US: Hindu religious leader jailed for visa fraud
Sagarsen Haldar, aka Gopal Hari Das, is the founder, president, CEO and spiritual leader of Gaudiya Vaisnava Society (GVS).
Washington: A Hindu leader from India, who had established a temple in Milwaukee city of the US state of Wisconsin, has been jailed for 37 months for religious visa fraud and would be deported to his native country after serving his sentence. A Milwaukee court gave its sentencing order after it found Sagarsen Haldar, aka Gopal Hari Das, who is the founder, president, CEO and spiritual leader of Gaudiya Vaisnava Society (GVS), guilty of fraudulently obtaining religious worker visas - known as 'R-1' visas - for Indian nationals in exchange for substantial cash payments.
Thirty two-year-old Haldar would be deported to India after serving his sentence. According to evidence at trial, Haldar conspired to sponsor more than two dozen Indian nationals to enter the US under R-1 visas.
Typically, the R-1 applications falsely stated that the individuals were religious workers from India who planned to be priests and perform religious work at the GVS temple in Milwaukee, the court was told. In fact, the Indian nationals had no religious training or experience, and they had no intention of being priests or performing religious work once they arrived in the United States, it was told.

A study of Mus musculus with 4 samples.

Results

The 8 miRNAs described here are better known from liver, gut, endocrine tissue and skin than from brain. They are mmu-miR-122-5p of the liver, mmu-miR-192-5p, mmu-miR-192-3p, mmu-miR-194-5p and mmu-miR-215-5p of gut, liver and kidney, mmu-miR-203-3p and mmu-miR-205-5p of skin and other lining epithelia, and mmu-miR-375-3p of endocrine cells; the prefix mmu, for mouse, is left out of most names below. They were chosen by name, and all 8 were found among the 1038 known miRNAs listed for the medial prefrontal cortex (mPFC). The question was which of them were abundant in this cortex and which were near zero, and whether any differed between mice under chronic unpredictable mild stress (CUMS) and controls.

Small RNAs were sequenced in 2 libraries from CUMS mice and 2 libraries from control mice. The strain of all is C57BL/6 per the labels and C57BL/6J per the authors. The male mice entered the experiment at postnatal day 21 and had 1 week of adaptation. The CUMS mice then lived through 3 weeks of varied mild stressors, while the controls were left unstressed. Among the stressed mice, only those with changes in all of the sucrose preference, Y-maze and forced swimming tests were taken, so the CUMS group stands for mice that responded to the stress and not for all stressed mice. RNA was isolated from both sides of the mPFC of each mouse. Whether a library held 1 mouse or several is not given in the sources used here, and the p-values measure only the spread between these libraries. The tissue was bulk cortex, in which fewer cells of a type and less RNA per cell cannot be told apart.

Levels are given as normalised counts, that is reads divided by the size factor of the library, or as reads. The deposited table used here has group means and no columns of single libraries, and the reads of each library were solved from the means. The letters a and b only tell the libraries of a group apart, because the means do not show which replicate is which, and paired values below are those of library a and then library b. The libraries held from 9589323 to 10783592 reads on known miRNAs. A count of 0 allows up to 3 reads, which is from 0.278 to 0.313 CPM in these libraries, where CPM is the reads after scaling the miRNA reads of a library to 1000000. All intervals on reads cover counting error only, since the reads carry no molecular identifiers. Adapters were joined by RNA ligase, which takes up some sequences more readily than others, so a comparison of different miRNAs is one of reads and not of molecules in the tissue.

Haldar was charged in June 2010 after Homeland Security Investigation (HSI) special agents arrested him at O'Hare International Airport in Chicago as he arrived in the United States from India. A search of Haldar's luggage revealed that he was transporting identification documents - including passports and other Indian identification documents - bearing the names and photographs of other Indian nationals.
The investigation into Haldar was initiated in June 2008 after HSI received information from US Citizenship and Immigration Service's (USCIS) Benefit Fraud Unit that GVS had filed numerous petitions for R-1 religious workers from India. Subsequent investigation by HSI disclosed that Haldar used the GVS temple as a front for an elaborate religious visa fraud scheme.
In the scheme, Haldar charged Indian nationals as much as USD 30,000 each in exchange for his assistance to fraudulently obtain R-1 visas. The fraudulent priests typically made substantial cash payments to Haldar and his associates in India, and were indebted to him for the balance once they arrived in the US.
They worked at convenience stores in Milwaukee, drove taxi cabs and paid Haldar from what they earned. "This country's immigration system is not for sale, and those who think they can exploit the system for personal gain will pay the price for their crimes," said Gary Hartwig, special agent in charge for HSI Chicago.
"Visa fraud not only undermines the integrity of our legal immigration process, it also poses a significant security vulnerability," he said.